A structured report is an essay that uses a certain structure in order to present a report on a particular issue. The use of structured data allows the reader to analyze the scale of a problem under discussion more precisely. As a rule, a structured report consists of the introductory paragraph, main body, and conclusion. Most commonly, a structured report is used in social studies, business, economy, or geography areas. The structured report example demonstrates the proper structure and use of data needed to be presented in most structured reports.
Homelessness has been a hot issue throughout the whole US history. According to the US law, a person is considered homeless if he or she does not have a constant place for sleep. Such people have the right to stay in the public or private shelters. About 550 thousand people (one in the seven-hundredth resident of the country) in the US have been identified as homeless in 2015 (The U.S. Department of Housing and Urban Development, 2016). The lack of affordable housing and assistance programs to the poor are the most significant causes of the homeless population growth in the US. Another important reason for homelessness is a domestic violence. According to the Ford Foundation research, approximately 50% of all homeless women and children were victims of beatings or other forms of violence in their own family (Zorza, 1991). However it is, the level of homelessness significantly decreased for the last 15 years, which shows that US social policies are on the right way now.
Fifteen years ago, US social protection policy was not able to completely solve the problem of homelessness. A study conducted by the U.S. Conference of Mayors in 2001, reveals that in 27 major cities, among those people who asked for shelters about 37% have not received assistance since the shelters were overcrowded (“Hunger and Homelessness Up Sharply in Major U.S. Cities”, 2001). The number of such cases in 2001 increased by 11% compared with the previous year, while the number of places in shelters has changed slightly. The same indicators on the situation of homeless families were even worse that year: the administrations of shelters refused to lodge for about 52% of the families seeking help. The number of homeless people simply was much higher than the number of places in shelters. What is more, it is known that homeless shelters are the predominantly urban phenomenon. Outside the big cities, there almost were no shelters, although homeless people were present there as well. In fact, many homeless people were forced to seek temporary shelter among their relatives and friends, constantly changing their place of residence. This category of people is mostly not considered as homeless. According to the US Department of Education report, in 2000 only 35% of homeless children and young people were living in shelters; 34% lived alternately in the relatives’ or friends’ house, and 23% lived in cheap hotels (The U.S. Department of Education, 2004). Taking the given data all together becomes clear that the US were far from providing all the needed resources for decreasing the homelessness level 15 years ago.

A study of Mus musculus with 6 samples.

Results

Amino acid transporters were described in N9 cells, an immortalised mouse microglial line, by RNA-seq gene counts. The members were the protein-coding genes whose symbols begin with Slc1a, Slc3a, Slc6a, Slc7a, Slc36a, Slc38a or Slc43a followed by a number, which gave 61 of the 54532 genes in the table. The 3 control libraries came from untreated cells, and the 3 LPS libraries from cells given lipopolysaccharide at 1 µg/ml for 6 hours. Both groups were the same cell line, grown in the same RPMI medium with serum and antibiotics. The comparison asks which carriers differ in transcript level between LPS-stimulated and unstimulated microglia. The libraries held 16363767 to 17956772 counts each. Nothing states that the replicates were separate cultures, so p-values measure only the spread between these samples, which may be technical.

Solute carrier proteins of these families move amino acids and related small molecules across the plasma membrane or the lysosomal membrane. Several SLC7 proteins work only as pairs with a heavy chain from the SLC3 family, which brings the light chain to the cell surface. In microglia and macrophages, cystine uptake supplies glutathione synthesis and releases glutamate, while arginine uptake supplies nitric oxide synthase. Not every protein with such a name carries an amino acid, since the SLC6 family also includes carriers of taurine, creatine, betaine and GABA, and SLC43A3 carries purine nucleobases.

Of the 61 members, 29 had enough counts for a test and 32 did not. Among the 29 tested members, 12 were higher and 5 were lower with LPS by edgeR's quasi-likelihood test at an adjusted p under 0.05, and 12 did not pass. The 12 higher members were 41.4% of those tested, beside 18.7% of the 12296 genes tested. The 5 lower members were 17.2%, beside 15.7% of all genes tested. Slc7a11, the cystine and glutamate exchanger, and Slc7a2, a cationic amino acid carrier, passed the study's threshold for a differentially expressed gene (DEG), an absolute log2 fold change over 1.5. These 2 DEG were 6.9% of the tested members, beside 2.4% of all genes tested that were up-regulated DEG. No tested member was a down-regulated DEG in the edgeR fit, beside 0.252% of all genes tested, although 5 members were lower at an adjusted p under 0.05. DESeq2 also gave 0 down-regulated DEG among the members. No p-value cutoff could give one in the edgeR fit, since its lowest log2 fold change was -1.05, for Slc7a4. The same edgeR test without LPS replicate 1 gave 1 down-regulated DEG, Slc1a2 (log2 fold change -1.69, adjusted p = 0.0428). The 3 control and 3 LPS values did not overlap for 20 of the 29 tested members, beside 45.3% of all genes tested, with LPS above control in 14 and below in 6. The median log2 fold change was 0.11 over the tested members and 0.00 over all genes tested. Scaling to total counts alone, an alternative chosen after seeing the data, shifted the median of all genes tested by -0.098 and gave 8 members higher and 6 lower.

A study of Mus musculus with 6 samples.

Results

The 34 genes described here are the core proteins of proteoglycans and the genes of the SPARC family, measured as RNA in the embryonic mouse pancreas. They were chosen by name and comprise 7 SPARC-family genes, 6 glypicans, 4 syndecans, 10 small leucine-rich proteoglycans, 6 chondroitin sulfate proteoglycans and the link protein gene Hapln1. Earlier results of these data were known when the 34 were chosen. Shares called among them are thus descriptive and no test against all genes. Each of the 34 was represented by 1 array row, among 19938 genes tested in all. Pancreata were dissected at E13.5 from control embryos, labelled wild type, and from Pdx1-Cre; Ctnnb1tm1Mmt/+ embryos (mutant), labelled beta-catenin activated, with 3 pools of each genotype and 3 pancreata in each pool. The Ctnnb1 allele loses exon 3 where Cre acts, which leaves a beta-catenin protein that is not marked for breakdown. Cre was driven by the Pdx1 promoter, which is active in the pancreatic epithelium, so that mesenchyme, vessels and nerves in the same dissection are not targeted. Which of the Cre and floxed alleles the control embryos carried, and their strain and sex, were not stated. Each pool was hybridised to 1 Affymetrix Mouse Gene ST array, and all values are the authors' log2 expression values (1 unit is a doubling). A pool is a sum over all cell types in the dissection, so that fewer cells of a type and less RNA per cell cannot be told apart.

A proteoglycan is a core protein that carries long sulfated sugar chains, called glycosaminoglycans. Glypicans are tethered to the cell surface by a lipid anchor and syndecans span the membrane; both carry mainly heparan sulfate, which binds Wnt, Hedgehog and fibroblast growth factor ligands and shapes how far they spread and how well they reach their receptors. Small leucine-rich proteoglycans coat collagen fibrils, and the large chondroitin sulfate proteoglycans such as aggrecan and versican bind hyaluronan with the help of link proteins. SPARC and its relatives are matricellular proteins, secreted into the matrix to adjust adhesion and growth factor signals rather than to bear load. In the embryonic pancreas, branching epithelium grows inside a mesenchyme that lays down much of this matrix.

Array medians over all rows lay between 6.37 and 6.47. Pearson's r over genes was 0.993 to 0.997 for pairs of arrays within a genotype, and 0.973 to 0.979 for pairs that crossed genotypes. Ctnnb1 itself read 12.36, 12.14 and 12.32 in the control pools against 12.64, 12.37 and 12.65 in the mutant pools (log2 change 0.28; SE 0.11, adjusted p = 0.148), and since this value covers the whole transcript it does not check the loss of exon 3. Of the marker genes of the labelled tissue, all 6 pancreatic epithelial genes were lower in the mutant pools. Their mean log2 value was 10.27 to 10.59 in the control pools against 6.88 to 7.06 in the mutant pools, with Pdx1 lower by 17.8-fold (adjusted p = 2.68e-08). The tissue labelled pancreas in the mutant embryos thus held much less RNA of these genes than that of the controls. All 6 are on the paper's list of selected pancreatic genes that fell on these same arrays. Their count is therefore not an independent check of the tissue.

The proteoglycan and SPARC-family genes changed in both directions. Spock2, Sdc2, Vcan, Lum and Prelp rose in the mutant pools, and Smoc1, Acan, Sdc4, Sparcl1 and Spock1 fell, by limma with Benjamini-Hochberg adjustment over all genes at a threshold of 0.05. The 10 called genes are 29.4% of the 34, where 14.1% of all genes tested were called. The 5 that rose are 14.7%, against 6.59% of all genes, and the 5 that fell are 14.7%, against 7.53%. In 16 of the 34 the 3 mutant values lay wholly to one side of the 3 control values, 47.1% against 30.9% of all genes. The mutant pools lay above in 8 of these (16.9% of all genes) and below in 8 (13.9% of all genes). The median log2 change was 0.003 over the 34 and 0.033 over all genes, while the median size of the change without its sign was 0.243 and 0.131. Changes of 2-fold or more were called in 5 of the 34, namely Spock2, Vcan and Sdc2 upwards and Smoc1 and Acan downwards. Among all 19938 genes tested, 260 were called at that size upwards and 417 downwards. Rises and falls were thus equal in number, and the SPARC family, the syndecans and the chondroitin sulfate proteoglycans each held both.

According to estimates of the Ministry of Housing and Urban Development, during the last few years, the number of homeless people in the US, is markedly reduced (The U.S. Department of Housing and Urban Development, 2013). At the end of January 2013, about 610,000 homeless were registered in the US. It is 4% lower in than it was in 2012. The number of homeless veterans has decreased more significantly: by 6%, there were about 58,000 of them. The number of so-called “chronic” homeless people and homeless families reduced as well.
- Hunger and Homelessness Up Sharply in Major U.S. Cities. (2001). usmayors.org. Retrieved 20 September 2016, from http://usmayors.org/pressreleases/documents/hunger_121101.asp
- The U.S. Department of Education,. (2004). Education for Homeless Children and Youth
Program. Washington, DC.
- The U.S. Department of Housing and Urban Development,. (2016). The State of Homelessness in
America (p. 7). Washington, DC: National Alliance to End Homelessness.
- The U.S. Department of Housing and Urban Development,. (2013). The 2013 Annual Homeless
Assessment Report (AHAR) to Congress.
- Zorza, Joan. “Woman Battering: A Major Cause of Homelessness,” in Clearinghouse Review vol. 25, no. 4, 1991.